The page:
Orlando hip-hop legend Swamburger is poised to release a new solo album, Tenfold, released on his own AGDEPPA label through Dutchie Music in Miami. Originally slated to drop this month, the album was pushed to a Feb. 28 release and will be available on all streaming platforms. This will be the artist's first solo album since 2002's The Roots of Kin.
Orlando Weekly readers first got to know Swamburger (Swam to his friends) 21 years ago when he was featured in a 1991 cover story. The breakthrough artist had brought his talents from Chicago to Orlando and was quickly becoming a fixture in our local hip-hop scene.
Swam was a key igniter at Dante's Jazz Garage, Firestone and Sapphire Supper Club's crucial Phat-N-Jazzy nights. He went on to tour as an MC/producer in the hip-hop supergroup Solillaquists of Sound, along with MC Alexandrah, poet Tonya Combs and producer/composer DiVinci. To this day, the four are inextricably linked.
What Tenfold shares in common with the Solillaquists of Sound albums are socially conscious lyrics and sophisticated musical compositions. And, like all of Solillaquists of Sound's work, the Tenfold listening journey is complex and demanding. You'd best not choose this as background music.
"Life Commits," the first track on Tenfold, is a worthy introduction to the album in that it accurately sets the tone: It is serious in making key points about lives lived under the heavy cloud of racial injustice, it is repetitive to drive those points home, and it is sonically glamorous, deftly weaving together a wide range of instruments and sounds to overwhelming effect.
Coming with grown-up Aries energy, the opening lines of the first verse charge hard:
I been around some years to demonstrate the benefits of
Kicking it with jazz-governed personage
Respect due to learning with an arsenal of permanent pillars
Piercing through the surface of artificial services
The next two tracks, "Heartless" and "Talk Is Cheap When Time Is Money," are very much in the same vein as the first, giving the listener the impression that the album will steamroll ahead without much variety.
This is false, as the opening notes of "All Hail Open Doors" amply demonstrate. Released as a single in September of last year (and duly spotlit by Bao Le-Huu here in OW), the song conjures up the sounds of Chicago-born dance music while lyrically acknowledging the artist's Orlando home.
If seen as a vehicle for encouraging Black thought and communicating truths about the Black experience, the song operates in stealth mode, wrapped in club-friendly sounds. The influencer in Swam must be secretly delighted at the through of a club full of sweaty, dancing people moving to his thought-provoking words:
Yo, how you don't remember this?
Banging ass beats with an African twist
Don't forget who you be!
Not to the fans
The person you can stand to see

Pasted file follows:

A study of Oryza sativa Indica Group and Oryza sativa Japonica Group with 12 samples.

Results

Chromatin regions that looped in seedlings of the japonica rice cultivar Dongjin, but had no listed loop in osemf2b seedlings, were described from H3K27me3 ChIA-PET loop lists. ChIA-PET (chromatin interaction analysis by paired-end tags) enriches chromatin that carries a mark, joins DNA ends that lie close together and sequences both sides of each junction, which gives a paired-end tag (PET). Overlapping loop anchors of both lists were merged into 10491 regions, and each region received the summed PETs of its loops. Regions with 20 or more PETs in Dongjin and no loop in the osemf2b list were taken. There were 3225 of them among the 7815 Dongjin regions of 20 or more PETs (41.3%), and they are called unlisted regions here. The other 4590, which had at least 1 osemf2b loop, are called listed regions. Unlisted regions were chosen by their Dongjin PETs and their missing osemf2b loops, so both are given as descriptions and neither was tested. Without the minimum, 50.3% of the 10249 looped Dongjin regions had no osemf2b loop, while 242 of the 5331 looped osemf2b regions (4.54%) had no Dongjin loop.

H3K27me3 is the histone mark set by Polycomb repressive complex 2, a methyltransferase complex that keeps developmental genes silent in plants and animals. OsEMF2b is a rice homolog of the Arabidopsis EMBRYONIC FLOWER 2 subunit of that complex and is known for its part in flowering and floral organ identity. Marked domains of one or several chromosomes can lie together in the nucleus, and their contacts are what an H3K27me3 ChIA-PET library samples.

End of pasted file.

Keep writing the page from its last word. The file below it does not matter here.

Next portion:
Now let's talk about track six, "Innocent." It's exciting, passionate, hopeful, real. It starts with a sample from a viral speech given by Star Wars actor John Boyega at a Black Lives Matter rally in London on June 3, 2020: "We have always been important. We have always meant something. We have always succeeded regardless. And now is the time. I ain't waiting."
Swam is similarly bold.
Did you make mention of the bigger picture?
They declared war on your norms
If you don't want trouble, you can claim that you're guilty
Seize the threat to please your debt
Selling yourself short tames the vision
How you're depicted can change the sentence
But I'm ... I'm innocent
Most of the album's beats were produced by Swam himself, a reminder that he continues to actively produce beats for rapper E-Turn and a select few artists hand-picked for their vision, talent and alignment with Swam's energy.
Still demonstrating the leadership first seen two decades ago, Swam mentors young artists, offering advice liberally, if not beats:
"If you're a hip-hop artist, don't just go to the hip-hop clubs. Go listen to jazz and rock. Go out and make a lot of new friends. Be everywhere and listen to everything. You go to a rock show and be like, 'Oh, wow, that's crazy.' You're in the scene, happy with these cats and know a lot of people. You connect and stay in touch with these people. People don't need to know that you're an artist at that point. It's not about you, it's about the music. And when you do release something, people are like, 'I didn't know James does that.' And they're excited."
Swam's thoughts on self-assessment indicate how ruthless he is with himself: "Behind closed doors, compare and contrast what you're hearing with your own music," he says. "Work on your shit. I'm saying, don't be afraid to re-record. Create the greatest version of your music."
For devotees of the underground hip-hop scene waiting with bated breath for Tenfold to drop, there will likely be widespread agreement that this new album is the greatest version of Swam's music — while for the uninitiated, it's an opportunity to meet your unassuming Baldwin Park neighbor and hear him in a new light. Bet they don't know that a king of conscious rap walks among them.